My friend, Jim Sloan, gave me a book for my birthday: Running through the wall — Personal Encounters with the Ultramarathon.
- blisters the size of silver dollars
- torrential downpour
- we didn’t have to worry about the copperheads, rattlesnakes and water moccasins. They would all be hibernating. … the alligators should be dormant
- my knee!
- like most trail runs you might miss these markers and get some “extra running”.
- … my second sunrise on this run. Most ultrarunners dread dawn — the hours between 4am and 6am
Well I’m planning on running only 50 miles, so a second sunrise seems unlikely (unless I really screw up — even a walking pace covers 50 miles in less than 24 hours).
I’ve been worried about nutrition (the wall), and that hardly gets mentioned.
The human body can run hard for about 20 miles, and then it runs out of easily used fuel. You can play tricks with the body and make it store a bit more fuel by depletion and carboloading — thus one can (with luck) finish a hard marathon without hitting the wall. But you can’t carboload enough for 50 miles. You’ve got to eat significantly on the course (more than just gel packs).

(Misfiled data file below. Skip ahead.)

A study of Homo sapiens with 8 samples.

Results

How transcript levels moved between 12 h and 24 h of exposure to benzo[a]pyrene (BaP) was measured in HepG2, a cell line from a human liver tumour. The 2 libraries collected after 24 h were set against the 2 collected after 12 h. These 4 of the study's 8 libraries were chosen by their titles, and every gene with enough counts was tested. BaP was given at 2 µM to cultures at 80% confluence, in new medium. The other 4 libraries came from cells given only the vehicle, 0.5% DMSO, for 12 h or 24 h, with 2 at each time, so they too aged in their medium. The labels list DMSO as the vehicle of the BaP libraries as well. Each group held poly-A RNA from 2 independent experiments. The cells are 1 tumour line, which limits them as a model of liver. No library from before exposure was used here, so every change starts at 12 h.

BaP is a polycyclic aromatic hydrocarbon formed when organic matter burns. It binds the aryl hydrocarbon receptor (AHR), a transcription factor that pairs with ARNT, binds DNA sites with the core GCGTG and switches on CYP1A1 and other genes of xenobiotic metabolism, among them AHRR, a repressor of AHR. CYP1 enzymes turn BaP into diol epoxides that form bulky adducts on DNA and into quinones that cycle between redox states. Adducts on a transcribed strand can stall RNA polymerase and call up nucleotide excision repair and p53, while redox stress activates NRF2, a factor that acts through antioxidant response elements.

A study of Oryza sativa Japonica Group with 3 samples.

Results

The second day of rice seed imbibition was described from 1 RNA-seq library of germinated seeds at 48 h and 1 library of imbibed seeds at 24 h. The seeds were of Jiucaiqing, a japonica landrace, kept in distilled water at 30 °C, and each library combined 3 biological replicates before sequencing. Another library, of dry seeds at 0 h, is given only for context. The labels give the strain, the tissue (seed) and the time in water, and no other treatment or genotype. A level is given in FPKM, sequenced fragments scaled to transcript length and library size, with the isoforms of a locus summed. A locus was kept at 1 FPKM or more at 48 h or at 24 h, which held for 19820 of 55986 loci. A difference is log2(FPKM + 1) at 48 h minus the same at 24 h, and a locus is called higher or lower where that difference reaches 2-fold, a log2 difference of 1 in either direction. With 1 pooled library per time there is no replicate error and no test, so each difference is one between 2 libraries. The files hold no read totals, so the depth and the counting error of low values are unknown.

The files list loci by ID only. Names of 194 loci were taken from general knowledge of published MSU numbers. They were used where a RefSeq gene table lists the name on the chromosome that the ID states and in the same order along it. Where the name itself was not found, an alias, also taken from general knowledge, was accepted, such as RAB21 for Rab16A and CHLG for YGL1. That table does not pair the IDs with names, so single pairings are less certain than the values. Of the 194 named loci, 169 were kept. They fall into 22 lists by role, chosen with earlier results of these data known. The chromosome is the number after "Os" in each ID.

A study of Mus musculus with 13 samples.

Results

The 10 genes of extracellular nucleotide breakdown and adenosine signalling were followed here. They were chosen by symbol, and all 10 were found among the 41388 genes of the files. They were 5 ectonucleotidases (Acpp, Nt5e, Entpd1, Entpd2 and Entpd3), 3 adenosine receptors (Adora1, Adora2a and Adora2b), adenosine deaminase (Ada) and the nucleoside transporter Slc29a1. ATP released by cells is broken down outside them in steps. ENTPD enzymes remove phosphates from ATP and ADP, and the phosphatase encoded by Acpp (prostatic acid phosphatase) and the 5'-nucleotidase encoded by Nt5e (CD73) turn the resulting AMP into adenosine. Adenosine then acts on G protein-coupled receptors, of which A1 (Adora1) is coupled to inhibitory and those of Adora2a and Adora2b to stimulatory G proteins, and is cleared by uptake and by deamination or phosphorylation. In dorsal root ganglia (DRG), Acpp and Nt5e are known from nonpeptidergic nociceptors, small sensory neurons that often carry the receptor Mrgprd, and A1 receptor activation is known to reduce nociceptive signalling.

Naifly I had assumed this was going to be the major difference between an ultra and a marathon. In anything under a marathon the wall is irrelevant. The marathon is right on the edge, where you must worry about the wall but can (with luck) avoid it. You can’t avoid it in a real ultra. I assume there is no point to carbo-loading.
One thing that has worried me is that on my 200mile bike rides my stomach tended to rebel after about 10 hours, and I couldn’t eat real food beyond that (only gel packs, which become nasty after a while). Well, I should complete 50 miles in under 10 hours. But it’s harder to digest when running than when biking. Perhaps the limit will come earlier when running?
I guess I haven’t really done a run that truly pushed my endurance. I’ve only hit the wall once in a race. But the two 200mile bike rides I did were certainly endurance races. I need to think in terms of them.
|Pier to Peak
|half Nine Trails
|Malibu Grand Tour
What about elevation. I’ve never run at altitude. At the top of Pier to Peak (roughly 4000ft) altitude doesn’t seem a problem. But when I visited La Paz Bolivia (roughly 10,000ft) simply climbing stairs was a challenge. What will ~7000ft be like? Dianna suggested that I visit Lake Tahoe beforehand to acclimate.
Weather. Is always chancy. Still high summer is the dry season. On the other hand perhaps it gets hot? The website doesn’t provide standard temperatures.
Ah, but Dave Webster points me at a link. Highs in the mid-60, lows in the mid-40s. That, at least, doesn’t seem a problem.
But there is always my body. Will it break?